A 34-nation conference here last week on President Reagan's "campaign for democracy" showed that the United States cannot automatically count on other democracies to share its priorities for conducting a global anti-communist offensive.
Last June in London, the president projected a long-term drive to challenge communism in its own sphere, ultimately dumping "Marxism-Leninism on the ash heap of history . . . ."
In three days of discussions, however, participants in a Conference on Free Elections demonstrated far more interest in strengthening and broadening democracy in their own areas, in Latin America especially, and elsewhere in the West and in the Third World.
There is nothing inconsistent about these two objectives, American officials said yesterday at the end of the conference, sponsored by the State Department and the American Enterprise Institute.
A related Conference on Democratization of Communist Countries was held last month as part of the preparatory work for the Reagan-initiated campaign.
Both conferences, and studies to follow, are described as forums for an "exchange of ideas" about how to enhance the spread of democracy.
In the mid-October meeting, Secretary of State George P. Shultz disavowed any intent "to foment violent unrest or to undermine communist regimes." At the same time, Shultz and other U.S. officials said "we must aid" those who "struggle for freedom."
When last week's conference opened, the emphasis was on the positive aspects of democracy rather than anti-communism per se. Shultz said, "We are not here to challenge other countries, but to extend an offer to share our experience and our expertise in making freedom work."
The Soviet Union has scoffed at these American distinctions as transparent attempts to veil what Soviet President Leonid I. Brezhnev has denounced as portions of an overall American policy of "adventurism, rudeness and undisguised egoism."
The basic Reagan administration response, first set forth by the president in June, is that Brezhnev himself "repeatedly has stressed that the competition of ideas and systems . . . is entirely consistent with relaxation of tensions and peace." It is the administration's position, therefore, that the United States is only responding belatedly to a challenge that the Soviet Union has been posing for decades.
Unlike the Soviet Union, however, the United States by no means controls the ideological struggle on its side of the East-West divide.
The diversity inherent in the democratic process was openly on display in the latest conference, demonstrating the complexity of even defining the goals of the intended campaign.
In welcoming the delegates, Reagan described them as "representatives of thriving democracies of many nations." In fact, they covered a spectrum that included such countries as Argentina and Turkey, which are under military rule. One speaker, Italian Prime Minister Giovanni Spadolini, after deploring the repression of human rights in communist Poland, next cited in dismay "the trauma in Argentina."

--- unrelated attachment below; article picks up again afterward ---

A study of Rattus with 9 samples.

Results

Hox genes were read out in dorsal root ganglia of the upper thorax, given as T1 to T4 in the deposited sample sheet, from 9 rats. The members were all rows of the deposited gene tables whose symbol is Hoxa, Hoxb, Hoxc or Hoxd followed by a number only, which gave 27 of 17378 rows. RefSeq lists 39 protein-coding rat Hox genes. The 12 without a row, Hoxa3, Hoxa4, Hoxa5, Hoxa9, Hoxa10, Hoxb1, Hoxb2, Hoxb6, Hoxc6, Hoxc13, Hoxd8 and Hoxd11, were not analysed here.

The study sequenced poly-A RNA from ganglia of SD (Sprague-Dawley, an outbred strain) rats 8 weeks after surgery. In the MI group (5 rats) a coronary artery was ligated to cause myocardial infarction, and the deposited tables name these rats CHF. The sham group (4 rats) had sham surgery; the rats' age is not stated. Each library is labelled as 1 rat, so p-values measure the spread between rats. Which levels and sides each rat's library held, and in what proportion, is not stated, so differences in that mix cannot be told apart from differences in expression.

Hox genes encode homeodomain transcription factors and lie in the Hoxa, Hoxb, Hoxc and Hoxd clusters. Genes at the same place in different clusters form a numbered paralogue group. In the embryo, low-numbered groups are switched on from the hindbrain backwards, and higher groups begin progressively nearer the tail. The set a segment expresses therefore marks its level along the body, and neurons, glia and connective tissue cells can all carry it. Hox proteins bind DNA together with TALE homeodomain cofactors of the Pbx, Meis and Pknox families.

While some participants wanted to hammer out the criteria for democracy, others opposed that.
Democracy's strength, said Costa Rican President Luis Alberto Monge, is the absence of "universal formulas with which to confront the economic and social problems of any given society." This, he said, "is its essential difference from totalitarian philosophies such as nazism, fascism and communism, which expand by requiring that experiences, methods, and institutions be imitated, copied and transplanted."
American speakers extolled free elections as the touchstone of democracy, but not all participants concurred on even that criterion as absolute.
Jeane J. Kirkpatrick, U.S. ambassador to the United Nations, said, "It is very clear that legitimate government . . . is government whose chief decision-makers are chosen through democratic elections." The critical test of the equity of the election process, she said, is that leaders "run the risk of defeat," and democratic leaders therefore must "risk power for the sake of freedom."
Mexico's Edmundo Hernandez Vela said the conference should ask "Why necessarily elections?" and "What does freedom mean?"
A. J. Wilson of Sri Lanka said that, without "responsible political leadership" and "an informed electorate that cannot be easily misled," electoral "contests" can be converted into "auctioneering games."
Homogeneous societies in which democracy is deeply imbedded, said Vernon Bogdanor of Oxford University, need to recognize a special dilemma of Third World countries. Where there are deep divisions of language, religion, race or region, he said, "the defeat of one party by another will seem to the losing side not as a swing of the pendulum, but rather as a defeat for its whole way of life. . . ."
Conference moderator Austin Ranney of the American Enterprise Institute said it was agreed in advance that there would be "no formal resolutions." Specific programs to encourage free elections and constitutional government are to be developed in further studies.